New York Jets guard Brandon Moore has had a long road – coming out of college as an undrafted free agent, where he played defensive tackle for the Fighting Illini and graduated in 2002. He worked his way onto the Jets through their practice squad, and became a starting offensive guard. He became a full time starter in 2005, and has started every game for the Jets for the past 7 seasons, finally being selected to his first Pro Bowl this season.
With 9 seasons under his belt, Moore has had extensive experience and this year he served as a player representative to the NFLPA for the Jets’ players, helping to guide his teammates and the players through the lockout. Moore talks about what he’s learned along the way, and what it takes to be successful as an NFL player.
BM: It means a lot. I’ve spent my whole career and came up through the ranks. I always felt like I was a Pro Bowl type player but to finally get that recognition feels really good; to be out here with all these guys you watch on Sundays or highlights of all these other all-stars. So this is one thing on my NFL Bucket list.
PPI: How have your skills as a football player helped you in leading your team as a Player Rep?
BM: I just think I understand and [that I cover all the bases]. I mean being an undrafted guy, being the guy who has been on the practice squad, being the guy that has worked his way up to starter– I understand different angles that all types of guys are coming from– whether it be the guy who was undrafted and trying to figure out what benefits he gets [or the guy with] the highest draft pick. So I think just covering all the bases that I’ve been a part of has really helped me understand all the different angles that come with being an NFL player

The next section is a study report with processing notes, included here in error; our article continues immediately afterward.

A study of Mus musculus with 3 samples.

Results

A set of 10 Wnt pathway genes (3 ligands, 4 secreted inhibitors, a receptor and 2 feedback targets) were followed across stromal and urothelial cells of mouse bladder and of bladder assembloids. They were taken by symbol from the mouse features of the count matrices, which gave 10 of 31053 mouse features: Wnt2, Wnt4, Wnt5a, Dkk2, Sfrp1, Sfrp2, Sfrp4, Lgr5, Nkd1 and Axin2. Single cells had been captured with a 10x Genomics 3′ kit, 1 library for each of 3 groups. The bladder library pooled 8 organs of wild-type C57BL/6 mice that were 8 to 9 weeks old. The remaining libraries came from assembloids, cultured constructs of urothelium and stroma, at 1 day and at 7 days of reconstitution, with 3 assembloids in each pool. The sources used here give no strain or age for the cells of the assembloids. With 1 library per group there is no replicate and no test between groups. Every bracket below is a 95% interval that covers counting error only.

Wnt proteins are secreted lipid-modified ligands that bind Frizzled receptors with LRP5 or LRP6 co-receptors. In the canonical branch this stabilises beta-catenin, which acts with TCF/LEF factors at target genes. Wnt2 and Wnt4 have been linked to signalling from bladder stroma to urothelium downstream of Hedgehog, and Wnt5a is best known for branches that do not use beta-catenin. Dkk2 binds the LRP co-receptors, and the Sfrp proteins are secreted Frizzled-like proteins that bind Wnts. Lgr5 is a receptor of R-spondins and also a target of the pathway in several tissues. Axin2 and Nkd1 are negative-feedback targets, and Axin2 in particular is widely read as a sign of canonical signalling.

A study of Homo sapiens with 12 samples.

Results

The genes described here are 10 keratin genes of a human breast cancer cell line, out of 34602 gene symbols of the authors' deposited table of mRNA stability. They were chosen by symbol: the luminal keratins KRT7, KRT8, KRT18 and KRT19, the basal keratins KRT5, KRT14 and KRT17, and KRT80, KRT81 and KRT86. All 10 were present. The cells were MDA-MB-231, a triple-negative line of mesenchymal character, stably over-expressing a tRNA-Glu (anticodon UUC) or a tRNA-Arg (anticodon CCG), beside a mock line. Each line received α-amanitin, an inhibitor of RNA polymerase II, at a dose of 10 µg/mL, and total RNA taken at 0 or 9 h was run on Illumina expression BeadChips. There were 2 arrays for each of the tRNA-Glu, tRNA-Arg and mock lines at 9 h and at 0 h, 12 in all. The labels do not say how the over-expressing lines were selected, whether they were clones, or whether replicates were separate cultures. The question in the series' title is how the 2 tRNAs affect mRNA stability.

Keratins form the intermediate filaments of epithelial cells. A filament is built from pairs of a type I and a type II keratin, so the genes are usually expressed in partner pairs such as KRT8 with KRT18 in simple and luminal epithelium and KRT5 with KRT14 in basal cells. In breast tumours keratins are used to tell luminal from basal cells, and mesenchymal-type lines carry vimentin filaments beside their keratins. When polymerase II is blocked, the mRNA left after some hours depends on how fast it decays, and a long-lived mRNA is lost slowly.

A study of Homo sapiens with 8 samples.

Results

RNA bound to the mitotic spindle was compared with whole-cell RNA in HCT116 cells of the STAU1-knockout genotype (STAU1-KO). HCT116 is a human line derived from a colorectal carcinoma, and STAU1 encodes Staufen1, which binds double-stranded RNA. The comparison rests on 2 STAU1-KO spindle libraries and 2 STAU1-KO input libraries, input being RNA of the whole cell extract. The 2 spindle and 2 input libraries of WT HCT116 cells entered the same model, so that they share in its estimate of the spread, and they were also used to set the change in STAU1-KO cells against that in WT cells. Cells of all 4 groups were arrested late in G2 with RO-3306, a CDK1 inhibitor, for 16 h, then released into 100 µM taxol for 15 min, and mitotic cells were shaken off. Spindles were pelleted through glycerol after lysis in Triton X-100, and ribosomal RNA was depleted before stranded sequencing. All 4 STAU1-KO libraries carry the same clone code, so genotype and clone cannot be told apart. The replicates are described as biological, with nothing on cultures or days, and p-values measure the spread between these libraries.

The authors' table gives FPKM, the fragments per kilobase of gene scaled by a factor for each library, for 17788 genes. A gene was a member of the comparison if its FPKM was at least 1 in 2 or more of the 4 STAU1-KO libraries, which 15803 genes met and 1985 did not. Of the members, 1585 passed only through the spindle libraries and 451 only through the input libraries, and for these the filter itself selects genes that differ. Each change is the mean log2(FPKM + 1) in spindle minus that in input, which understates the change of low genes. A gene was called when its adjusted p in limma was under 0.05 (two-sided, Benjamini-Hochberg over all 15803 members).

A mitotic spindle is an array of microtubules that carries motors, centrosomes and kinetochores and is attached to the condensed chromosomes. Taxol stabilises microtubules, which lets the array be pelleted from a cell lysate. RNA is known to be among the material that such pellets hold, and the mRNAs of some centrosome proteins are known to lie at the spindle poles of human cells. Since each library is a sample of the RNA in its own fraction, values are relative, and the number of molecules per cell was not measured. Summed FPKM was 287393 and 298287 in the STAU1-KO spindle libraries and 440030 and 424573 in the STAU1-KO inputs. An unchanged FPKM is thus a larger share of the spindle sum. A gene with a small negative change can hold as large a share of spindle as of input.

PPI: What have you learned most this year? Going through a lockout during regular season and now you’ve been voted by your peers, the coaches, and the writers as a Pro Bowl player
BM: I think it’s just being able to adapt. I think that’s one of the strengths of a football player. You always hear from your coaches “be able to adapt”. That was the biggest thing. The lockout and not being able to work out coming off [of my] hip surgery; being able to rehab and do all those things that it took to do on your own while nobody’s watching. To be able to do that and have the year I had coming off those surgeries feels pretty good. But I think a lot of these guys, even the ones that aren’t here or the guys who are playing next weekend in the Super Bowl—those guys were able to adapt well and I think that’s a strength that NFL players have.
PPI: Last question. What is your favorite workout song right now?
BM: [chuckles] Workout song? I haven’t worked out in a while—took a couple weeks off. I have a playlist of everything from Lil’ Wayne, Watch the Throne, the new Jay-Z album I mean I play it all so I’m all over the place with that.
Scottie Graham and Sarah Miller contributed to this report.